Developing for Smart Voice Assistants Such As Google Home

4 June, 2020
Developing for Smart Voice Assistants Such As Google Home

Voice assistants have become popular amongst consumers. For example, you might have heard people speak to their smart speakers like Google Home or Amazon Echo with queries such as “what’s the weather for tomorrow?” and “where’s the nearest mechanic?”

You can also carry out voice search via your smartphone, smart device, or computer; saving the time of having to physically type your search into a search engine and press enter.

These have evolved even further, with smart voice assistants on Google Home that allow one to ask a question that the device will need to connect to a consumer brand to answer.

For example, here in Australia, a consumer at home can query: “Ok Google, ask Blackmores for my health tip of the day”. In this instance, Google is connecting to Australian vitamin company Blackmores and relaying information to consumers, allowing people to associate Blackmores with a conveniently helpful experience.

This ultimately creates an opportunity to add value to consumers, whilst positioning your brand front of mind in a setting currently largely underutilised.

Statistics on Voice Assistants

Statistics on Voice Assistants

Here are some valuable statistics to consider ahead of considering developing solutions for smart voice assistants:

  • 13% of all homes in the USA owned a smart speaker in 2017, with that number predicted to rise to 55% by 2022 (OC&C Strategy Consultants). 
  • 52% of smart speaker owners would like to receive information about deals, sales, and promotions from brands, and 39% would like to receive options to find business information (Google).
  • Global smart speaker sales will surpass $30 billion by 2024. Smart speakers will soon be among the top-selling consumer electronic products (Global Market Insights).

Moreover, Adobe has recently released a survey that found 48% of consumers are using voice for “general web searches”. It therefore goes without saying that voice search (and the use of voice assistants) is on the rise, and worth considering if you’re a consumer product business seeking points of differentiation.

Streamlined Sales: E-Commerce and Voice Search via Amazon Echo and Google Home

Streamlined Sales: E-Commerce and Voice Search via Amazon Echo and Google Home

Amazon is successfully using its smart speaker Echo as a way to drive revenue. They make it simple for customers to order their favourite or top-ranking products, simply by asking virtual assistant “Alexa”. People are able to buy a product without even viewing it.

For example, one can ask their speaker at home who wrote a popular book, or who directed “Titanic”, and be guided towards purchasing the film on Blu-ray or DVD. Google has the same tactic, whereby a search of that nature means you can buy the film from the Google Play Store.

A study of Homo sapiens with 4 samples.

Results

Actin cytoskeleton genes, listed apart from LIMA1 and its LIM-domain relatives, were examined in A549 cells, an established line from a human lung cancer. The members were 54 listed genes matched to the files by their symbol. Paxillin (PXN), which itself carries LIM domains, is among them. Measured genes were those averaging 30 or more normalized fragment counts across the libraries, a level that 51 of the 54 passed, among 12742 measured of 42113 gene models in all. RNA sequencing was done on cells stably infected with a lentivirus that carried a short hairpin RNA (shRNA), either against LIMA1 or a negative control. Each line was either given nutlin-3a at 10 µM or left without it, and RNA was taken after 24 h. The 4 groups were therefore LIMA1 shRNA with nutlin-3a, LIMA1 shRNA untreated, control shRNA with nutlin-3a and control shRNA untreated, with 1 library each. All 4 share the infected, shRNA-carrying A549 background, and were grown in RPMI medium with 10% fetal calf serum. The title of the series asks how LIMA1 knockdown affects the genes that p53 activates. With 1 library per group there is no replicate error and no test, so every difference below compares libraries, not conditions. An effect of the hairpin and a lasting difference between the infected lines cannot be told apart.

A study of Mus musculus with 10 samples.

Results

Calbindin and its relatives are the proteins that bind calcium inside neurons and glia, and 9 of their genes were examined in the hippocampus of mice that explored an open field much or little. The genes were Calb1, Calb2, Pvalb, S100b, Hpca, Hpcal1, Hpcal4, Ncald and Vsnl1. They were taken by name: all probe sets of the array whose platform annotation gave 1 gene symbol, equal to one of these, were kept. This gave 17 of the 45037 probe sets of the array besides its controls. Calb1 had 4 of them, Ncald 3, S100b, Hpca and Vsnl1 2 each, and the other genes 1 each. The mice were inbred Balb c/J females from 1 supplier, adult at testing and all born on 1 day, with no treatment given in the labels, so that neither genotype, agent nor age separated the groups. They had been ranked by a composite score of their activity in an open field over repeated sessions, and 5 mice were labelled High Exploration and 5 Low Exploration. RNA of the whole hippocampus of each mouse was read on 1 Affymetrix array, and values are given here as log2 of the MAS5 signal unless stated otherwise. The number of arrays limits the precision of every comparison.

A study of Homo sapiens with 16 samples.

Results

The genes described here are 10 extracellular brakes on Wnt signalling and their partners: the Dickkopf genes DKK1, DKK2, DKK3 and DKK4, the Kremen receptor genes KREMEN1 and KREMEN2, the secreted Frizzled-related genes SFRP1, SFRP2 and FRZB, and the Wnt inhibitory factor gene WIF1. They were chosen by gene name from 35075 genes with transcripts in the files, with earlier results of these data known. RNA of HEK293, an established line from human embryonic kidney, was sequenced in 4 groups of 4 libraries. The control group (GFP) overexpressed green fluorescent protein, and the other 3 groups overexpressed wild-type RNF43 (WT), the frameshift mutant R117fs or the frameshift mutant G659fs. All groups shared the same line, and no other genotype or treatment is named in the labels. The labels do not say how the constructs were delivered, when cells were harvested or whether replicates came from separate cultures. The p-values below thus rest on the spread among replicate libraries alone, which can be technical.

Taking Advantage as a Seller

If you’re an Amazon seller, this creates a unique opportunity. For example, if we look at a small business selling nut-free chocolate, one opportunity is to sell via Amazon. However, this can be taken one step further by optimising for voice search. With Amazon allowing customers to make purchases directly through Alexa, considering voice searches in your product optimisation could help to create an opportunity others are not yet seeking. Given this is such an underutilised marketing opportunity, it creates a vertical that creates a huge point of differentiation amongst your competitors.

Once someone registers Alexa on their Amazon Echo platform, voice purchase is enabled by default. Users can then ask for products and receive the top one or two options in the category in any search. The aim is to not just be the best ranking in the category, but to own the specific voice searches too.

Allow me to elaborate.

In the context of desktop, the strategy to capture new customers includes ranking for keywords users are likely to search for within Amazon (or their favourite product search engine).

In the context of voice assistants such as Amazon’s Alexa, we need to consider what people will ask Alexa (as opposed to searching with a keyboard). If we take our former example of the small business selling nut-free chocolate, if you can rank within a particular category that users are likely to search for when using voice, this could act as a revenue generator when customers as Alexa to “order some nut-free chocolate”.

A recent study suggested only 4% of businesses are “voice search ready”, so this may be a chance for you to get ahead of your competition.

Providing you’re a consumer product, and you see a clear strategy to separate yourself from your competitors, being “voice search ready” is certainly an avenue to consider.

If you have any questions pertaining to smart voice assistants, don’t hesitate to get in touch.

Lambros Photios

Lambros Photios

I'm the founder and CEO of Station Five, one of Australia's fastest growing technology businesses. I specialise in idea conceptualisation and go to market, and work to provide startups with valuable information as host of The Venture Podcast.